Why You Would Rather Die (or Get Well) in Canada

This week I am taking my wife’s uncle to the hospital for radiation therapy. He is 88 years old and is slowly dying from lung cancer. As a cancer patient he has been visiting the oncology clinic every three weeks since his diagnosis to assess the course of the disease. At his last visit he complained of a lump just under his arm. Three days after that regular appointment he met with a radiation oncologist who decided that a series of radiation treatments would reduce the discomfort caused by the lump. Three days after that visit he was scheduled for a CT scan, two days after than he was marked for the radiation treatment and three days after that, which was yesterday, he began a series of five treatments.

To my mind there are only three times in our existence when we are all truly equal. They are the moment of birth, the moment of death, and the duration of an illness. Other than that we are definitely not all equal. Some of us are fat, some of us are thin, some of us are rich, and some of us are generous, and so on.

I have always been troubled by any government program that assumes we are all equal. I believe in merit in making decisions. Does one car merit my interest because it is more fuel efficient than another? Does the car that does 0 – 60 faster than other cars merit my interest? I don’t drive a Chevrolet Malibu because it may protect jobs in the auto industry because to do so would imply that all cars are equal in value. I drive a Toyota Prius because, for my individual sense of worth, it merits my choice.

I am angered by my public education system that assumes all students are equal. If we were all equal then presidents and prime ministers could be chosen by lottery and not elections. Barack Obama was elected president of the U.S. because the American voter determined that he merited the position. But what happens when merit is inappropriate, possibly unethical and results in the death of innocents.

When we are ill we suffer. The wealthy suffer the same as the poor. The employed suffer the same as the unemployed. The Asian suffers the same as the Arab. Yet it brings me close to tears to watch the debate in the United States of America over health care. As a Canadian I see the U.S. system as one of rewards. The wealthy are rewarded with better health care than the poor. But their pain is the same.

The Canadian system is sometimes referred to as a single payer system. Almost all costs associated with the health of a Canadian are paid for by the government. Access to health care services is based on the seriousness of the illness and never who you are, who you know, or how much money you have. I know that as a college instructor I can expect the same quality of health care as every other Canadian. My mother, who worked as a hairdresser her whole life, was treated for breast cancer with a mastectomy thirty years ago and survived. The illness and its treatment did not wipe out her savings. She did not have to pay for costly insurance that would have been cancelled because she had become a ‘cancer risk’.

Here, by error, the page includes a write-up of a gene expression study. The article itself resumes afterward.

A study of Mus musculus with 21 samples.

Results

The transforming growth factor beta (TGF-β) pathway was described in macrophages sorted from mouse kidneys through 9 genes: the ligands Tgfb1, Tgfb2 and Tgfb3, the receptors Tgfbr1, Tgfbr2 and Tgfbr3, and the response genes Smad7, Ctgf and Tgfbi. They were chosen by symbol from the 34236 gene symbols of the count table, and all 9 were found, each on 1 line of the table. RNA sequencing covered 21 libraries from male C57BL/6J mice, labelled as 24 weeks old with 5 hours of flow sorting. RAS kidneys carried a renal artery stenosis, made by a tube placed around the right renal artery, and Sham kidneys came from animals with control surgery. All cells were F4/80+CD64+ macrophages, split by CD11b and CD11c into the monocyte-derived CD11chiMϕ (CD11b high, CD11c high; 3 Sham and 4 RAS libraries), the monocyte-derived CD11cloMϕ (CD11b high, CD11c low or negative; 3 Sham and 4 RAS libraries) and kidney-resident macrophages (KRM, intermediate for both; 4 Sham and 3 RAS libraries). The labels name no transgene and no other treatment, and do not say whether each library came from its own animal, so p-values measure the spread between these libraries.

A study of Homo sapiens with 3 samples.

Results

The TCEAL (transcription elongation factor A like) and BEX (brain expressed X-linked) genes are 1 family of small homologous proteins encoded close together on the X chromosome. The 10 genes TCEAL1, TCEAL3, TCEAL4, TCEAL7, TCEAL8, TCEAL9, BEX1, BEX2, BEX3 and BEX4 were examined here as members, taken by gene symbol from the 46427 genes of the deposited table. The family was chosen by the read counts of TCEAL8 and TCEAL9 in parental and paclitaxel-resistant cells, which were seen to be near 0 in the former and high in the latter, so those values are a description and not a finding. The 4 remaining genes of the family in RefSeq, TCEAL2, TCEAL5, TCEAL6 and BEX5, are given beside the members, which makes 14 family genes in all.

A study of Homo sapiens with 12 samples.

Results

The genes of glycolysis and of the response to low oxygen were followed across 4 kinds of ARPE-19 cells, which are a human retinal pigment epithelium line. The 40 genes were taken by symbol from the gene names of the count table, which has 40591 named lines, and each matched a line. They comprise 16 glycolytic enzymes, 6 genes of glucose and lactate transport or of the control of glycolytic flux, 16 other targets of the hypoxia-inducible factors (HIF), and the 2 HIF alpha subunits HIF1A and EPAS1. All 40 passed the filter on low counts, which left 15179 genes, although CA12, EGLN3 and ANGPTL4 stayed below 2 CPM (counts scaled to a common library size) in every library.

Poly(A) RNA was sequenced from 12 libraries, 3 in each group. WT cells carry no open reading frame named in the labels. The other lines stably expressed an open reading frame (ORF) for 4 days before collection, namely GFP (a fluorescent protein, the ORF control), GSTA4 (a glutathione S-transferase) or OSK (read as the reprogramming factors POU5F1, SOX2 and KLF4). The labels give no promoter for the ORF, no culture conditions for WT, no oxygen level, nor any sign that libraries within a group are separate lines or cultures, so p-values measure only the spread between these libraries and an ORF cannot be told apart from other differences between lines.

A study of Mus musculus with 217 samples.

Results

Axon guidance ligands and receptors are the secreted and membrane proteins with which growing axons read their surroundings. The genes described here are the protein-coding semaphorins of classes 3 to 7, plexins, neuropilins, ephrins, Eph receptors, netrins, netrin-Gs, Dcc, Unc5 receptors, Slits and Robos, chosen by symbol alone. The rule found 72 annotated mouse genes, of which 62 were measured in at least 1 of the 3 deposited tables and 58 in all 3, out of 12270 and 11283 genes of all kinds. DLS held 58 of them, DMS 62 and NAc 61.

Is the system perfect? Absolutely not! In some jurisdictions in Canada you may have to wait up to a year for procedures such as hip replacement or cataract surgery and this has contributed to governments losing elections. Go to an emergency ward on a Friday evening with a non life threatening illness, such as a broken bone, and you may wait several hours for treatment. Show up as a result of a heart attack or an automobile accident and you will receive the treatment you need, on par with any hospital in North America, as quickly as you need it. Insurance or government bureaucrats don’t determine when you are treated or what treatment you are entitled to. Doctors and nurses make those decisions.

So I say to my American neighbours, recognize that we are all equal when we are ill. Embrace a system that treats us as equals because this is one of the rare times that we truly are. If you are more fortunate than others then do what Canadians do, donate to your hospitals and get a wing named after you. It is not socialism, liberalism, communism, conservatism, and it is not about what God wants us to do. Universal health care is simply the human thing to do.

Back to my experience with my wife’s uncle, we arrive at the Oncology department of the Montreal General Hospital exactly on time and present his health card. We are directed to a waiting room. In less than five minutes he is brought into the treatment room and we are back in the car in less than a half hour. Keep in mind that these treatments will not prolong his life, just make it more comfortable. I have never heard of an insurance policy that had a comfort clause for an 88 year old. And I know that should the day come when I may need this kind of treatment it will be there for me.

About Ken

I am the Program Coordinator and Chairperson of the Computer Science Technology program at Dawson College in Montreal, Canada. I am also a Program Consultant to and part-time instructor in the Computer Institute of Concordia University's School of Extended Learning.